Some of Silicon Valley's leading startups making meat from cells are abandoning the term 'clean meat' — here's what to call it instead
- Some startups aiming to create real meat from animal cells are abandoning the term "clean meat."
- In a meeting following a conference on alternatives to traditional meat, CEOs and representatives from those companies decided the term "clean" comes with too much baggage.
- The startups are also working to create an industry trade organisation focused on working more closely with traditional meat companies.
CEOs from a handful of startups working to create meat from animal cells have decided there’s one thing they don’t want their product to be called: clean.
Some startups had been using the term "clean meat" as a moniker for real meat grown in a lab from animal cells. But following a spirited discussion behind closed doors on Friday, the leaders of at least five startups decided that the name comes with too much negative baggage.
Clean implies superiority, or that one method is better than another, Uma Valeti, the founder and CEO of a startup called Memphis Meats, which aims to make duck, chicken, and beef without slaughter, told Business Insider.
His comments came at the end of a panel on the future of meat at a conference organised by the non-profit Good Food Institute but before the closed-door meeting, which was held later that day.
Instead of calling their products “clean,” a term the startups had used to distinguish themselves from factory-farmed meat and plant-based meat alternatives like the Impossible Burger, the companies plan to use the phrase “cell-based," Brian Spears, the founder of New Age Meat, another startup aiming to make meat from animal cells, told Business Insider.
It's a big move for the industry, which has grown from a few small ventures to a significant and organised group of nearly a dozen startups and established companies.
At their meeting, the representatives of these cultured-meat startups also agreed to form an industry trade organisation to represent themselves. They hope the move will allow for better collaboration with traditional meat companies, but have not released any further details on that work.
'We want to make winners instead of losers'
Deciding what to call meat that doesn't come from a farm has become tricky business in recent months.
In the past, cultured-meat companies floated the idea of labels emphasising that their products come from labs instead of slaughterhouses. That's where the word “clean” originated.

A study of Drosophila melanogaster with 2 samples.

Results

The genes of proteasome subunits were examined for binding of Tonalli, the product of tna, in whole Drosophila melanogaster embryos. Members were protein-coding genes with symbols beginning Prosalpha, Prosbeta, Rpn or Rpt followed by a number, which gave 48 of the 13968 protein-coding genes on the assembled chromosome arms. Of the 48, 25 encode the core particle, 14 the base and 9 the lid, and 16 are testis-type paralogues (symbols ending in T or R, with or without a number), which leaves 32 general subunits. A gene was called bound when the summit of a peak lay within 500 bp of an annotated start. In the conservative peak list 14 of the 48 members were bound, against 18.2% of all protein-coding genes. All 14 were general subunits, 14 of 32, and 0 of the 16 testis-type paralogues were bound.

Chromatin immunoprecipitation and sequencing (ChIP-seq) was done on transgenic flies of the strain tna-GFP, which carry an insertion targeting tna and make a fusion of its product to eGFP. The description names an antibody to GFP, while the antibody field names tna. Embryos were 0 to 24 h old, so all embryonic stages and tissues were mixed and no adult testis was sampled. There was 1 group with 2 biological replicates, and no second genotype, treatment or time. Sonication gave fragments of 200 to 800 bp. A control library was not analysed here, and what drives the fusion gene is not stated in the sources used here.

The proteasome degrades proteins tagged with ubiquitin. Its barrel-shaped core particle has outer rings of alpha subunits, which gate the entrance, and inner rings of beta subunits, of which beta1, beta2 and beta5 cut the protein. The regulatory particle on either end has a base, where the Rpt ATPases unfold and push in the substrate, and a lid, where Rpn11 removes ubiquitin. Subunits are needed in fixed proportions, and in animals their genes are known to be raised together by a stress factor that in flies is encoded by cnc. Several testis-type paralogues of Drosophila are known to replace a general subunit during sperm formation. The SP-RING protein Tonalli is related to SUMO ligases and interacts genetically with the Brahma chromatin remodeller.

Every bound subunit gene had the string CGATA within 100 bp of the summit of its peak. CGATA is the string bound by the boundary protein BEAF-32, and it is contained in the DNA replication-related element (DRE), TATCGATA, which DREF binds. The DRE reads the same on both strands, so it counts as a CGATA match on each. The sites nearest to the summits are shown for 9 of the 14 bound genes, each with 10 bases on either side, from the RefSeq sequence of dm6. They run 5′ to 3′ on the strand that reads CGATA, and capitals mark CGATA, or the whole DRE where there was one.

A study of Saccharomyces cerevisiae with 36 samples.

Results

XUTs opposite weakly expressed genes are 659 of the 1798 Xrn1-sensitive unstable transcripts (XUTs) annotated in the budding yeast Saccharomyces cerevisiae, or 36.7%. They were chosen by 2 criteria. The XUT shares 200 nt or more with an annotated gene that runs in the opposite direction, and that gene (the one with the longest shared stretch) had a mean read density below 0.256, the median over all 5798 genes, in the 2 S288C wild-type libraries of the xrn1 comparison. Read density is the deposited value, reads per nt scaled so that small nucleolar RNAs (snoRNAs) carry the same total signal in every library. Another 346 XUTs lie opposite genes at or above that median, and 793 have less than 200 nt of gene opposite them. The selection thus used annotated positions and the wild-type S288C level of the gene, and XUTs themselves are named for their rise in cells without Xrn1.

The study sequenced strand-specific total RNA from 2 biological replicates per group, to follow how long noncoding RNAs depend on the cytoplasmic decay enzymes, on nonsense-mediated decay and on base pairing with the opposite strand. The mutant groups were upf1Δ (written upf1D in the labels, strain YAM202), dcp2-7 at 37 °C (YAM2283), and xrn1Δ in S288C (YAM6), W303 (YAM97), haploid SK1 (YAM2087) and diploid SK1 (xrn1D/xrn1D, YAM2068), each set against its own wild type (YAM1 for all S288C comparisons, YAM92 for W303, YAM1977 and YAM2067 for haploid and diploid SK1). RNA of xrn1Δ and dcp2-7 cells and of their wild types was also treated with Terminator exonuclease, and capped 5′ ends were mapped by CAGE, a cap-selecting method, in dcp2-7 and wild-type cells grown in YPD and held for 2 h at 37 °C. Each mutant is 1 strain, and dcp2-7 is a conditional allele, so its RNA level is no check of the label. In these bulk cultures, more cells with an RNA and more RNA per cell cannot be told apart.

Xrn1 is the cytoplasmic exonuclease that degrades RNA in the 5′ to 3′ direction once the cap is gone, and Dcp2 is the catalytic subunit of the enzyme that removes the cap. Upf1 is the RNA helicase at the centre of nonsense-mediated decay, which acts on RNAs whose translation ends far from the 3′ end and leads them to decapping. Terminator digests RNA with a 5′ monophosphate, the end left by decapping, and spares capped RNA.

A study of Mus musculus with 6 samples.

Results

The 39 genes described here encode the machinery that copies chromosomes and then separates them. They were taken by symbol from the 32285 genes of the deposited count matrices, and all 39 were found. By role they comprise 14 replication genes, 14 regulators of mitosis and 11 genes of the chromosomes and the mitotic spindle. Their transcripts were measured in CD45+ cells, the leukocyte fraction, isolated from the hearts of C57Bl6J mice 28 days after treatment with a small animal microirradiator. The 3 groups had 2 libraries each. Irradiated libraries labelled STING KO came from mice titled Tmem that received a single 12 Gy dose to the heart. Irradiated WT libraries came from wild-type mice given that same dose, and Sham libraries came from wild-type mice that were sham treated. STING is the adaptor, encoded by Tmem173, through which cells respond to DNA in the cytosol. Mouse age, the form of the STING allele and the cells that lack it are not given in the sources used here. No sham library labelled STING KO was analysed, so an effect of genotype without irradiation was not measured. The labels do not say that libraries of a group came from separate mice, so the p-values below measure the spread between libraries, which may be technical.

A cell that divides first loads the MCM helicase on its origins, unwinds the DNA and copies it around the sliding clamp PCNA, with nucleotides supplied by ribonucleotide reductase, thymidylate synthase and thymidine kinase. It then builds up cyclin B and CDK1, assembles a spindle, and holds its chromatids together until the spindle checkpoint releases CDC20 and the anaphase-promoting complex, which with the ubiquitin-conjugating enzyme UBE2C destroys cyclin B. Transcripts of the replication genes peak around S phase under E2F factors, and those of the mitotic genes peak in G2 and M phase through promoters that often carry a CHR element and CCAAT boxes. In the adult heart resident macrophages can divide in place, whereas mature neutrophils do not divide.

Other startups have said their products should simply be called "meat," because at their core, they are the same as traditional meat.
But traditional meat producers are not fans of those options.
The US Cattlemen's Association recently filed a petition to the US Department of Agriculture that would limit using the terms "beef" and "meat" to products "born, raised, and harvested in the traditional manner." In Missouri, that language just became law, meaning that any product made without slaughter couldn't be called meat.
That underscores the need for a separate label for animal products coming out of startups that don't rely on farms.
Still, alternatives like “farm-free” don’t work either, some of the CEOs said. That's because not all traditional meat is produced in factory farms, and because it emphasizes what the startups are seeking to avoid, rather than what they aim to represent.
“We’d rather define ourselves by what we are, as opposed to what we are not,” Niya Gupta, the co-founder and CEO of Fork & Goode, a startup aiming to make pork from animal cells, told Business Insider before the closed-door meeting on Friday.
Spears said the term "cell based" also will make it easier for companies like his to collaborate with traditional meat companies, who may have felt antagonised by the term "clean."
"Cell-based meat is a better label to bring them on board," Spears said. "We want to make winners instead of losers. Losers will fight you, winners will fight with you."